Entrepreneur and real estate developer Steve Simmons keeps sweeping up properties in Smithville and converting them into dandy spaces.
The latest is the conversion of an old feed store at 110 NW 2nd St. into an ultra-chic Consuela store with a distinctive Old West vibe.
Consuela is the national accessory brand from Conni Reed. The flagship store couldn’t be located in a more quintessential Austin location — 912 Congress Ave. in the shadow of the State Capitol.
But Reed obviously wants to spread the cachet of her brand to a bucolic burg.
“Amy and Conni are friends and she loves Smithville,” Simmons said.
Amy, of course, is Steve’s wife and the beloved namesake of Amy’s Ice Creams, one of Austin’s iconic brands.
“We showed Conni the building when it was under contract and she helped with the renovation,” Steve explained.
It’s a very appealing space, as you can see from the accompanying photos.
My daughter Kira and I cruised from our house in Lockhart over to Smithville a weekend ago and met Steve at Honey’s Pizza — a restaurant the couple owns in Smithville along with Coach Q’s sports bar.
In between handshaking with a steady stream of customers, Steve talked about any and all topics related to real estate and business.
Like many others he’s worried about Austin mom-and-pop stores. Property taxes are starting to take them out of the game. He should know.
Steve and Amy have developed Austinville retail centers in Northwest Austin and on South Lamar. A primary objective, in addition to building spaces for Amy’s Ice Creams and the affiliated Phil’s Ice House, is to provide affordable storefronts for local purveyors.
That’s still Steve’s preferred method for supporting local businesses, but property taxes have to be passed along to tenants, standard operating procedure in commercial real estate — that is, if you want to stay in business yourself.
Out of curiosity, I checked out the property values at Austinville 78750 adjacent to the iFly facility on Research Boulevard. Based on data at the Williamson Central Appraisal District, the 5,000-square strip center was valued at $1,725,000 when completed and leased in 2014. Market value for 2018 is pegged at $2,228,523, a 33 percent increase in four years.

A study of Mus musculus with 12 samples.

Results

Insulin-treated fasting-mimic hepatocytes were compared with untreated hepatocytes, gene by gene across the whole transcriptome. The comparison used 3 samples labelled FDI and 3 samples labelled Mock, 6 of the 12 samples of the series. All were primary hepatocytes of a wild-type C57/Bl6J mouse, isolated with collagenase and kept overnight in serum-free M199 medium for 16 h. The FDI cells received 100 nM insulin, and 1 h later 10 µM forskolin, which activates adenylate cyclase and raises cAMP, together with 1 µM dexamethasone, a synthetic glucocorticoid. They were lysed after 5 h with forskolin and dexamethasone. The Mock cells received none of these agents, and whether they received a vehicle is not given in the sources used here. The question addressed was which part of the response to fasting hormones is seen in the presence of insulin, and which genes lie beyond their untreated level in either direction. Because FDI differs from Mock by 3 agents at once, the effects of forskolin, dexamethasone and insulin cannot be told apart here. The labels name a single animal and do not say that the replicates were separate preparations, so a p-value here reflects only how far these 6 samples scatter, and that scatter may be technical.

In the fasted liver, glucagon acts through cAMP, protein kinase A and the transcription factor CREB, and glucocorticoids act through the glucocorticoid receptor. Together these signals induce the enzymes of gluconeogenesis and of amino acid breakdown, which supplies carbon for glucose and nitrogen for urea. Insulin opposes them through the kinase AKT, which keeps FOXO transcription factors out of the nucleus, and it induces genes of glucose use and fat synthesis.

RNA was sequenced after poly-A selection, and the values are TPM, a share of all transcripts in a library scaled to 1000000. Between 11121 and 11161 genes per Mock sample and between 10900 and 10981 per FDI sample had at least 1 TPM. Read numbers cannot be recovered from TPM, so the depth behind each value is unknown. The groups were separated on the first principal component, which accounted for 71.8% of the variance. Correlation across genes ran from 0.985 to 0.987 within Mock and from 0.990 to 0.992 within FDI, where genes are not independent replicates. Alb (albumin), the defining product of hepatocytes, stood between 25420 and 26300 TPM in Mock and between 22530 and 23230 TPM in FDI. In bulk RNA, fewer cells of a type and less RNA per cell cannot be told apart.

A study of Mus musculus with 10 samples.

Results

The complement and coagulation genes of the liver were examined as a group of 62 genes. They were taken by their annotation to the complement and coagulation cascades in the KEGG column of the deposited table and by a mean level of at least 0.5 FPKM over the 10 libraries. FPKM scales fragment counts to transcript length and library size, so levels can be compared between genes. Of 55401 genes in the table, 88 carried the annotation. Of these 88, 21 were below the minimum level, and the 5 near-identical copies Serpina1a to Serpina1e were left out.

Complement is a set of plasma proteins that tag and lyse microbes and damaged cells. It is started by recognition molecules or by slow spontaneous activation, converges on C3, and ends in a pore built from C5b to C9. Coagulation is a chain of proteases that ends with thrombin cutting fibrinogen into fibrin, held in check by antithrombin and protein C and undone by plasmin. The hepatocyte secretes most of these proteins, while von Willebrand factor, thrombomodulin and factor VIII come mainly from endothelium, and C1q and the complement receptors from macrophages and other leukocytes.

But that’s Williamson County. Austinville 78704 in South Austin shows property values have doubled since 2013. Property taxes have taken flight and are sucking the wind out of small business.
Despite the financial challenges in Austin’s retail sector, Amy’s Ice Creams has another store in the works at 2002 Manor Road but this is not a full-on development investment.
“Manor is a lease with a longtime Austin property owner that loves the Austinville concept,” Steve said. “We expect to be open by October.”
Amy’s at Austin-Bergstrom International Airport, meanwhile, will get a major makeover soon.
“The airport (remodel) will begin construction August 15, and should be completed in 90 days,” Steve said.
Despite all the activity in the city, Steve’s passion for Smithville — about an hour away — shows no signs of waning. Though the couple have their Austin home base in the Bryker Woods neighborhood, Steve spends most of his time tending to the family’s 80-acre ranch southwest of Smithville. That’s where you’ll find him most days, holding court with 80 head of cattle.
Occasionally, he’ll head into corporate headquarters — a 5,300-square-foot office building on West Anderson Lane that the company purchased from the Texas Quarter Horse Association in 2014.
Next on his radar is welcoming another well-known Austin business to Smithville — Micklethwait Craft Meats. The renovation across the street from Honey’s looks beautiful. The smell of smoked meats should waft through town beginning in September.
Ronald Chang, owner of Chinatown in Austin, also has plans for a restaurant on Main Street. Foodies, get ready.
Steve has other projects up his sleeve, as well, that we’ll have to wait to learn more about.
“Big Sky Ranch got its first comments back and should have a plat by the end of the year. Creekside RV Park should break ground by the end of the year.”
You heard it from the town crier — residential is in the wings. Nice going, Steve!